Honolulu-based Hawaii Employers' Mutual Insurance Co. said its late-June decision came “following a thorough legal evaluation of state and federal law regarding the production and sale of medical marijuana in the State of Hawaii.” 

Medical marijuana was legalized in Hawaii in 2000, with dispensary licenses made available in 2016. The concern is the U.S. Food and Drug Administration has not changed marijuana’s status, continuing to label it a Schedule I drug alongside heroin and cocaine — meaning federal regulation says marijuana has no medicinal qualities. 

“The legal conflict raises serious questions about civil and criminal liability as well as risk management for insurers doing business with marijuana businesses,” said Robert Gordon, senior vice president, policy development research and international at Property Casualty Insurers Association of America in Washington.

HEMIC said in its June 28 statement that it collected legal opinions before making its controversial decision. “These legal opinions clearly acknowledge that HEMIC and its board of directors have potential exposure for criminal liability based on federal law applicable to marijuana businesses,” said the insurer’s Chief Executive Officer, Marty Welch, in a press statement.

Mr. Gordon said insurers have that right.

“While government policymakers are working through these questions, PCI strongly supports the rights of individual insurers to exercise their legal and business judgment in deciding whether to provide services to marijuana businesses,” he said. 

HEMIC officials, who said the policies would be cancelled in 30 days with premiums refunded, could not be reached for comment. The insurer declined to identify the seven companies or how much they will be refunded, according to media reports. 

It is also not clear whether these dispensaries will be able to open this summer, as planned. Hawaii’s Disability Compensation Division, which oversees workers comp for businesses in the state, did not return requests for comment. 

Jeffrey M. Adelson, managing partner and general counsel with Adelson, Testan, Brundo, Novell & Jimenez in Santa Ana, California, said insurers in states should follow California’s model: insure the medical marijuana industry because it is business.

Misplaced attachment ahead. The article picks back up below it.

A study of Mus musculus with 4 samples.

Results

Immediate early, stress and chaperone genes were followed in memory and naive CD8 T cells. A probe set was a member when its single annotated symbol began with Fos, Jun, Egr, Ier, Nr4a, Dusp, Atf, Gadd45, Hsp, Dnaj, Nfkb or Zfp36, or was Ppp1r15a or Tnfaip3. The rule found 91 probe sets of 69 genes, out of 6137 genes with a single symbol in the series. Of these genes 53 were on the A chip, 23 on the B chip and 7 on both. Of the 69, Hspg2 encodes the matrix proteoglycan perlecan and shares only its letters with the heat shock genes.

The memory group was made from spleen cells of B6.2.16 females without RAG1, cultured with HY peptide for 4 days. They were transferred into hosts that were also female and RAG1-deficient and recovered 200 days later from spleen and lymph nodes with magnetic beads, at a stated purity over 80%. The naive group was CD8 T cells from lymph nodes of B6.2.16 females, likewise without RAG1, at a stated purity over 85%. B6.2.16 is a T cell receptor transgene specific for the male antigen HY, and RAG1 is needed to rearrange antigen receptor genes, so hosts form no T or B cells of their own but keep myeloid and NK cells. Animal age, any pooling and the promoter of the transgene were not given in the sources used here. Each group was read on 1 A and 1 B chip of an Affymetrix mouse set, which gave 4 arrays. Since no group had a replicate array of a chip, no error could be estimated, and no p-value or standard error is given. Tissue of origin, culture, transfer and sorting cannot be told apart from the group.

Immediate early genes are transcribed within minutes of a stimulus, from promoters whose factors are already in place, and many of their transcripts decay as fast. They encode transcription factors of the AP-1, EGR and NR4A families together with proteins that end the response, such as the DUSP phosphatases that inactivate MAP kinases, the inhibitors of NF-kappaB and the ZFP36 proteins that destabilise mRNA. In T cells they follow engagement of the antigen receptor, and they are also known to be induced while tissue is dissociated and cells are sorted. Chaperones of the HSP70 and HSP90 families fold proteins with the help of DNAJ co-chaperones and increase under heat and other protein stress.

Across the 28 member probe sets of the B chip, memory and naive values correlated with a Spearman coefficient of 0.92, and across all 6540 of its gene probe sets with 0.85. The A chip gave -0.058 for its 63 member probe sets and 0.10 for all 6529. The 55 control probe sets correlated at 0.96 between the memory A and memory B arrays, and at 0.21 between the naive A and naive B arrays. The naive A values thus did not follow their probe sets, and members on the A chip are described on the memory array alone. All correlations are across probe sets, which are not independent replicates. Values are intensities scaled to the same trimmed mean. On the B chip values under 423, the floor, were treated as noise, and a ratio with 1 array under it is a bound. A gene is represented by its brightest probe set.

California legalized medical marijuana in 1996 and for recreational uses in 2016.

“Hawaii is overreacting,” he said. “A lot of major carriers have made exceptions (in other states). People will be selling it. There will be employees and these employees have to be protected under workers compensation.” 

One cause of uncertainty is the new presidential administration. Under Barack Obama, federal agencies had a hands-off approach to states legalizing marijuana for recreational and medical use, but President Donald Trump’s approach is still in question. Experts have long taken the wait-and-see approach.

Meanwhile, Mr. Adelson said one carrier cancelling will not likely change the course of medical marijuana, a $6.5 billion industry.  

“There are opportunities for (insurance) companies who specialize in it,” he said. “If you Google it, you will find brokers and insurers that specialize in it. If there is significant money involved in this and the industry accepts its responsibility (as) legitimate employers, there will be a market.”

In other medical marijuana news, Florida Gov. Rick Scott signed into law on June 23 new regulations for how the state will implement medical marijuana, one year after 71% of voters approved its use. 

Senate Bill 6-A provides guidelines for a medical marijuana registry and Senate Bill 8-A exempts medical marijuana from state sales taxes, provides a list of medical ailments that apply to legal use, and clears hurdles for medical marijuana testing laboratories, among other guidelines. 

SB 8A also gives employers the right to maintain a drug-free workplace: “This section does not limit the ability of an employer to establish, continue, or enforce a drug-free workplace program or policy. This section does not require an employer to accommodate the medical use of marijuana in any workplace or any employee working while under the influence of marijuana. This section does not create a cause of action against an employer for wrongful discharge or discrimination.”